Ankle Arthritis and Replacement
Joints are the places where bones come together. In a joint, the end of each bone is covered by a flexible tissue called cartilage. Each joint is surrounded by a capsule and filled with fluid. Your ankle joint is formed by three bones. These are your two lower leg bones, which are called the tibia and fibula, and the large bone in your foot, which is called the talus. Your talus sits on top of your heel bone, which is called the calcaneus.
Bands of tissue called ligaments hold the bones together. Pads of cartilage between the bones protect them. In some people, the cartilage that protects the ends of the bones wears away or gets injured. Sometimes, extra bone can form around the joint as a result of this wearing down process. When these things happen, you have a common type of arthritis called osteoarthritis.
Osteoarthritis can cause pain and swelling, and limit the motion of your foot.
Another kind of arthritis develops when the body’s own cells attack the joint lining. This lining becomes inflamed, painful, and swollen. This is called rheumatoid arthritis.
There are other types of arthritis, but osteoarthritis and rheumatoid arthritis are the ones most likely to harm your ankle.
Some of the symptoms you might get with ankle arthritis include:
- Difficulty walking
- Ankle deformity, and
- Clicking or grinding when you move your ankle
Your symptoms may develop slowly but become severe over time.
Your health care provider will do an exam and may order several tests to figure out whether you have arthritis, and what type is causing problems in your ankle.
Your provider may recommend X-rays to see if cartilage has worn away or new bone has formed. You may also have blood tests.
Treatment for ankle arthritis typically starts with rest, ice, and medications for pain. Flexibility and strengthening exercises may also help. You may be sent to a physical therapist. Special shoes and shoe inserts are often recommended. Some people benefit from ankle braces. A cane might be helpful if you’re having difficulty walking.
If you continue to have symptoms, an injection of steroids or painkillers into your ankle might help.
If you have rheumatoid arthritis, you may get a prescription for medications to slow the arthritis.
If your symptoms don’t get better with treatment, your provider may recommend surgery. Surgery may also be helpful if you have deformities or disabilities from your arthritis. One type of surgery is arthroscopy. During this surgery, the doctor uses a small camera and instruments to clean up and smooth out your joint tissues. Another surgery is ankle fusion. During this surgery, the doctor uses bone screws, plates, or pins to fasten your tibia, and sometimes your fibula, to your talus. Once the joint is fused, you won’t be able to bend it very much, if at all.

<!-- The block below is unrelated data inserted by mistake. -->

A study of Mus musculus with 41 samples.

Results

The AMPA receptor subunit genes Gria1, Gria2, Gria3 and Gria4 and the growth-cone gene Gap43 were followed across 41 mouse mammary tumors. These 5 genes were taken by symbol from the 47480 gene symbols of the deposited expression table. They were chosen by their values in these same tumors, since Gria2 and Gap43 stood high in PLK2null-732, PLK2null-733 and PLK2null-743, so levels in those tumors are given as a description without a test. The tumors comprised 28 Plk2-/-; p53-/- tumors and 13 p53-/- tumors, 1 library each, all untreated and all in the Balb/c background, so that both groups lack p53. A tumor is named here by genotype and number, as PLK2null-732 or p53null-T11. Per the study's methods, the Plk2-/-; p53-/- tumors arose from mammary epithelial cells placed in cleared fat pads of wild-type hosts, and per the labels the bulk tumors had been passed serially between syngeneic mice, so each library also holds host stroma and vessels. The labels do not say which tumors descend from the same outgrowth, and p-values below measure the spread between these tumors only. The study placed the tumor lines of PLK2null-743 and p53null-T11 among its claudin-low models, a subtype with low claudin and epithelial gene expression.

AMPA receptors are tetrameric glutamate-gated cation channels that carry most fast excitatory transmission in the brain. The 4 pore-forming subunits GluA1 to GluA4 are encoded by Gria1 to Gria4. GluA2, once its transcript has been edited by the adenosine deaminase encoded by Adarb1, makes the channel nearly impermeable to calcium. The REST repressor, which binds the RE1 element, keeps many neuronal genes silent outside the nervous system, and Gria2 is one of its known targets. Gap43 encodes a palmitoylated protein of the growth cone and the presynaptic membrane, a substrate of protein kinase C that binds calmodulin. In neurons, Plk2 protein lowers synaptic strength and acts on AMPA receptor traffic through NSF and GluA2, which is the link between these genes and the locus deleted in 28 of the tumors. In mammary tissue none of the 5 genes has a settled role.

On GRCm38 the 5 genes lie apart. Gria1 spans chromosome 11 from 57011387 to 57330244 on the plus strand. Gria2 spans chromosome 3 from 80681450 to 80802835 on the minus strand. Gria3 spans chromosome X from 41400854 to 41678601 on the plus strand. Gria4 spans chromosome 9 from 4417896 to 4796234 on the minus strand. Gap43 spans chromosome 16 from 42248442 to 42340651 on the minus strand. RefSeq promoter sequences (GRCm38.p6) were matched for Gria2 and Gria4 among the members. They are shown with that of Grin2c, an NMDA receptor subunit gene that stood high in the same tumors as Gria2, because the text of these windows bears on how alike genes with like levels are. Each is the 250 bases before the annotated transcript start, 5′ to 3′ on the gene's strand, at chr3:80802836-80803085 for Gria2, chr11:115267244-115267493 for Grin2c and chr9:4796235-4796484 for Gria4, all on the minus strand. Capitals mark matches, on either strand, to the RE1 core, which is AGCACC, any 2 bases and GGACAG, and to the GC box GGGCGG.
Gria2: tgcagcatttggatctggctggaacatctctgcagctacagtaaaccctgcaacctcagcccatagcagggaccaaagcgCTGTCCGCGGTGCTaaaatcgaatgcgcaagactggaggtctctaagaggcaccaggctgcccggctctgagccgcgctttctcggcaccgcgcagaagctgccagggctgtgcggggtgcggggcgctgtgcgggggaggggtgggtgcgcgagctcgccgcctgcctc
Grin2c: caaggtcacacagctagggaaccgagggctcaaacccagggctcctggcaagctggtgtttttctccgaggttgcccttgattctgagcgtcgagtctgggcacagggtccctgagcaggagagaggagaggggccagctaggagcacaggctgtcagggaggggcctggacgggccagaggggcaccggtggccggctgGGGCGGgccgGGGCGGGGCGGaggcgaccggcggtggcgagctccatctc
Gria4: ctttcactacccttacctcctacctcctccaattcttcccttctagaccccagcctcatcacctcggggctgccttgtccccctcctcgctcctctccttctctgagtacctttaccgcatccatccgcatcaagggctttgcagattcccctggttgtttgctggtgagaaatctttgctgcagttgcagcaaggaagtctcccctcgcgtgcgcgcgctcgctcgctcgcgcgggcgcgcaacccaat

In ankle replacement surgery, the surgeon removes parts of your tibia and talus. They are then replaced with an artificial joint made of metal and plastic. Ankle replacement often makes it easier to move your ankle.
If you’re thinking about ankle replacement surgery, it is important to know that the replacement joint will last for only a limited time.
Surgery is not a quick fix. Talk with your health care provider about all of your options. After any surgery, your own efforts with physical therapy will make a big difference in how well your ankle improves.
What We Have Learned
There are three bones in the ankle joint. True or False?
The answer is True. There are three bones in the ankle joint: the tibia, the fibula, and the talus.
The ankle can be damaged by more than one type of arthritis. True or False?
The answeris True. The most common types of arthritis that can damage the ankle joint are osteoarthritis and rheumatoid arthritis.
Surgery can instantly fix pain and other problems in the ankle joint. True or False?
The answer is False. Surgery is not a quick fix. Your own efforts with physical therapy will affect how well your ankle will improve.